Endometriosis: Painless sex not a priority, but should it be?
For women with endometriosis, a diminished sex life is a common complaint. Chronic pain, low mood, hormonal treatments, stress over fertility concerns, bleeding during or after intercourse all play their part in dwindling sex and intimacy, but none as much as dyspareunia – painful sexual intercourse.
Endometriosis, a condition that affects around 1.5 million women in the UK, has gained increased awareness in recent months. The often debilitating condition causes cells usually found in the lining of the womb to grow elsewhere in the body. The results are chronic pelvic pain, fatigue, bladder problems, heavier periods and dyspareunia. The effects of endometriosis on sex lives and relationships have received little airtime, until now.
A study recently published at De Montfort University explores the impact of endometriosis on heterosexual couples. Despite the title, which suggests the focus is on the impact on male partners, the study saw twenty-two couples interviewed and aims to explore the female, male and couple perspectives. The results offer a fascinating revelation into the impact endometriosis has on the emotional, sexual and financial wellbeing of couples, as well as their attitudes towards fertility challenges the condition poses. The study offers some much needed insight into endometriosis’ bearing on relationships with men. For some couples, it was clear that they had found no alternative way of expressing intimacy in the absence of an effective sex life.
The study points out the emotional impact the condition has on the partners of those with endometriosis. It calls for stronger support networks to be found in friends and families, but also in healthcare providers. Sex is not the only part of a relationship but as we all know, it is an important part. The report describes the impact of endometriosis on sex and intimacy as profound, with nearly half of the couples reporting sex to be non-existent or rare and most of the others reporting a reduced frequency of sex. Some of the men described their reluctance to initiate sexual intimacy, presumably interrupting genuine spontaneity and closeness.
In May, the James Lind Alliance published its top ten research priorities for endometriosis. Finding a solution to painful intercourse, however, was not featured on this list.
The list of ten questions was whittled down and ranked from almost 5000 concerns and frustrations of clinicians, patients and their carers, friends and family. None of these questions had already been answered by existing research, according to Professor Andrew Horne, who oversaw the research. This latter fact highlights how neglected and underfunded endometriosis research has been in the science and medical communities, especially given that endometriosis is as prevalent as diabetes in women in the UK.
Four of the top ten priorities concern curing and treating endometriosis, three concern improving the diagnosis process and the others concern fertility issues, managing the psychological impact and establishing what causes endometriosis. While painful intercourse and the emotional burden of it can arguably be vaguely included in one or two of these priorities, it seems distressing that such a large toll of endometriosis is not directly addressed here. ‘Painful sex did feature highly within the top thirty,’ says Horne, ‘clearly people feel that these other priorities that we’ve published are higher up on the agenda’. The De Montfort research demonstrates how disruptive endometriosis is on sex lives and relationships, so why have doctors, patients and their loved ones, chosen not to make it a research priority?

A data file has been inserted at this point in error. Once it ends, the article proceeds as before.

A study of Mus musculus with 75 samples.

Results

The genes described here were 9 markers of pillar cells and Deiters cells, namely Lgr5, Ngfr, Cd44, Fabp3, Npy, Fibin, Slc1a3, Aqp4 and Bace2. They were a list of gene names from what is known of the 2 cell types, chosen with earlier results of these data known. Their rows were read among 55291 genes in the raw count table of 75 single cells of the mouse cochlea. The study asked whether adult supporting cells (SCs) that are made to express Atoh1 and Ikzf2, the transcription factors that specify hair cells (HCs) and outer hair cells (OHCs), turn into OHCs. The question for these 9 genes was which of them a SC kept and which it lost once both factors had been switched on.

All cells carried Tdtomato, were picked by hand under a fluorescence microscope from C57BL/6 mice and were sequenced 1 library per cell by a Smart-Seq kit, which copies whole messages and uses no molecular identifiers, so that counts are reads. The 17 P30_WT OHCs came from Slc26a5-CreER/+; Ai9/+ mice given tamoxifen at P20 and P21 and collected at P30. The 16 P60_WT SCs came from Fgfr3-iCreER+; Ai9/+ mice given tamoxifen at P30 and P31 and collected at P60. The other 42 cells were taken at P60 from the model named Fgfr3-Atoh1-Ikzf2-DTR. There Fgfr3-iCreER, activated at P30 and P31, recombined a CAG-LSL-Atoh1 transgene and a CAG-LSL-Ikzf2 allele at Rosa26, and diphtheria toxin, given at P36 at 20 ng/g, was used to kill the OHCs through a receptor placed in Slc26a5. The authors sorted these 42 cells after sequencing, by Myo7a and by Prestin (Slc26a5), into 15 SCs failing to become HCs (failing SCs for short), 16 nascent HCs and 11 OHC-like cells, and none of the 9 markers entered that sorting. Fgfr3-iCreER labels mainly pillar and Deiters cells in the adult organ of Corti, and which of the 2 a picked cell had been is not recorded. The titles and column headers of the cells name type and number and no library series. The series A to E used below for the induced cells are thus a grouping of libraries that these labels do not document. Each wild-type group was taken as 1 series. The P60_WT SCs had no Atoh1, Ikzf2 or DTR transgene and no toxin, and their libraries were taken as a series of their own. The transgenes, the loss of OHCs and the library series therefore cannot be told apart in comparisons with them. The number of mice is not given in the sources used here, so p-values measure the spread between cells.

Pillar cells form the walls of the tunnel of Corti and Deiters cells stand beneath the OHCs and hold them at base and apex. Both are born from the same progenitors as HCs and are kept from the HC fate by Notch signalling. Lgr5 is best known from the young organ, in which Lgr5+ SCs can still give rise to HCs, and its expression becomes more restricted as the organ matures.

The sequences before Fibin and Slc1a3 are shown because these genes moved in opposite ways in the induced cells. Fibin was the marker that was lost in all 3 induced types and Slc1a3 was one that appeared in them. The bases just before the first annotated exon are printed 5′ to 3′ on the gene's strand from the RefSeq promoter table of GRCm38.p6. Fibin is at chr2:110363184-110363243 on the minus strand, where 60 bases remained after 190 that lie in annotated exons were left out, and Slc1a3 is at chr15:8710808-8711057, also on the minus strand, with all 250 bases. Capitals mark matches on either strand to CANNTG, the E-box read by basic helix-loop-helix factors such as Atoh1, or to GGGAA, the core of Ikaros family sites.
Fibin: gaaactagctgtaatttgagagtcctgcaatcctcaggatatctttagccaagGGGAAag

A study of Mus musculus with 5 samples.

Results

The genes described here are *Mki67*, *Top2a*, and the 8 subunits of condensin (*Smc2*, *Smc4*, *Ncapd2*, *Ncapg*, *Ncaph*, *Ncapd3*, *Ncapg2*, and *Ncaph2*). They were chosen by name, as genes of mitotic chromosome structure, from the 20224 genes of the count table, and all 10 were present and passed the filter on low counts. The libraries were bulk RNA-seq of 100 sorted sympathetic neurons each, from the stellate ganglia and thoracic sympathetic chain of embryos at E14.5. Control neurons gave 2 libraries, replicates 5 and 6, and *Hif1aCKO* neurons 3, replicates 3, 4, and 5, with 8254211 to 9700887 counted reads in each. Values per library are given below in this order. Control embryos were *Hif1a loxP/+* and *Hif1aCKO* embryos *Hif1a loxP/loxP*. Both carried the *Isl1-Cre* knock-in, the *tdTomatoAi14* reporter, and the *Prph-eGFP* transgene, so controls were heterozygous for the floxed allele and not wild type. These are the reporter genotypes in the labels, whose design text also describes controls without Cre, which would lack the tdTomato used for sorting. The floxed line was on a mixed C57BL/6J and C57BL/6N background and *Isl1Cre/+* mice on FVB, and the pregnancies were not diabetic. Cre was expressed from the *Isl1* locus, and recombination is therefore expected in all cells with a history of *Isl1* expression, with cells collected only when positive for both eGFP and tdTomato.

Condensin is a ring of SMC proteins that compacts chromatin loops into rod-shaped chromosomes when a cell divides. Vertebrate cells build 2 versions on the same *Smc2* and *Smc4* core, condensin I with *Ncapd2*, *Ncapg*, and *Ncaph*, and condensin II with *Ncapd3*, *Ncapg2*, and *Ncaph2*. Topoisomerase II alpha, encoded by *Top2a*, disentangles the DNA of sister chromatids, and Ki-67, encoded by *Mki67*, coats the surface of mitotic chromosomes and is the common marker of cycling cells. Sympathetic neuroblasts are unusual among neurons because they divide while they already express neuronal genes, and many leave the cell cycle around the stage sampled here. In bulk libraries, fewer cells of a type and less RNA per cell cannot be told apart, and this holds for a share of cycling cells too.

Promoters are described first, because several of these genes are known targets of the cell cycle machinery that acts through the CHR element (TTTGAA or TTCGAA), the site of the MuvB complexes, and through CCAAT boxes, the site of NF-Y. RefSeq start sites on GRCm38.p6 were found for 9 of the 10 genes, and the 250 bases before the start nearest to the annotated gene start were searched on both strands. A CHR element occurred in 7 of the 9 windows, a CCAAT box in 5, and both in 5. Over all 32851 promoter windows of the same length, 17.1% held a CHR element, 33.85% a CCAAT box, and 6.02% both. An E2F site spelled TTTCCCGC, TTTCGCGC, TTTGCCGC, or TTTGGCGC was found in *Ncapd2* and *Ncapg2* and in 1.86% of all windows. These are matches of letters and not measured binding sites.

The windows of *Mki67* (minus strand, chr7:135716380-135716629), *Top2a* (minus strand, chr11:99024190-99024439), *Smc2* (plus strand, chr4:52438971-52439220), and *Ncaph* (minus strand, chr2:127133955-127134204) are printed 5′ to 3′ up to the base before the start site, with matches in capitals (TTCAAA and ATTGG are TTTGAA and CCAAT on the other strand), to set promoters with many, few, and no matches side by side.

Stigmas and taboos around female sexuality potentially dampen a women’s likelihood to complain about painful sex to a doctor, or even their partner. Professor Horne, of the University of Edinburgh, argued that ‘it is partly ignorance that people don’t rate it as importantly as some other problems’. Misconceptions that it is normal for sex to hurt, as well as privacy concerns about such information leaving the bedroom, often result in women not looking for help with painful sexual intercourse.
‘Historically, women’s health has been underfunded,’ says Horne as he describes the two factors that have caused the lack of funding around endometriosis. The first reason being that women’s health issues have suffered from an institutional sexism when it comes to research funding, and the second reason being because endometriosis is a pain disorder – its effects are invisible.
While researchers are under no obligation to follow these ten priorities, funding bodies will take them very seriously when considering applications. This could potentially mean that any further research specifically into dyspareunia and endometriosis may be less likely to receive funding compared to other research areas covered in the priorities.
For younger women, less likely to have long-term partners, and women with same sex partners, much less is known about the impact of endometriosis on their sex lives and relationships. Knowing now that women with endometriosis not only have to deal with chronic pain and other physical problems associated with the condition, but that their romantic and sexual relationships are directly negatively impacted is a hard truth to swallow. As more is done to reduce the diagnosis time, which averages at seven years, it is possible that women, and their partners, will demand more attention to what has been a taboo part of an already enigmatic condition.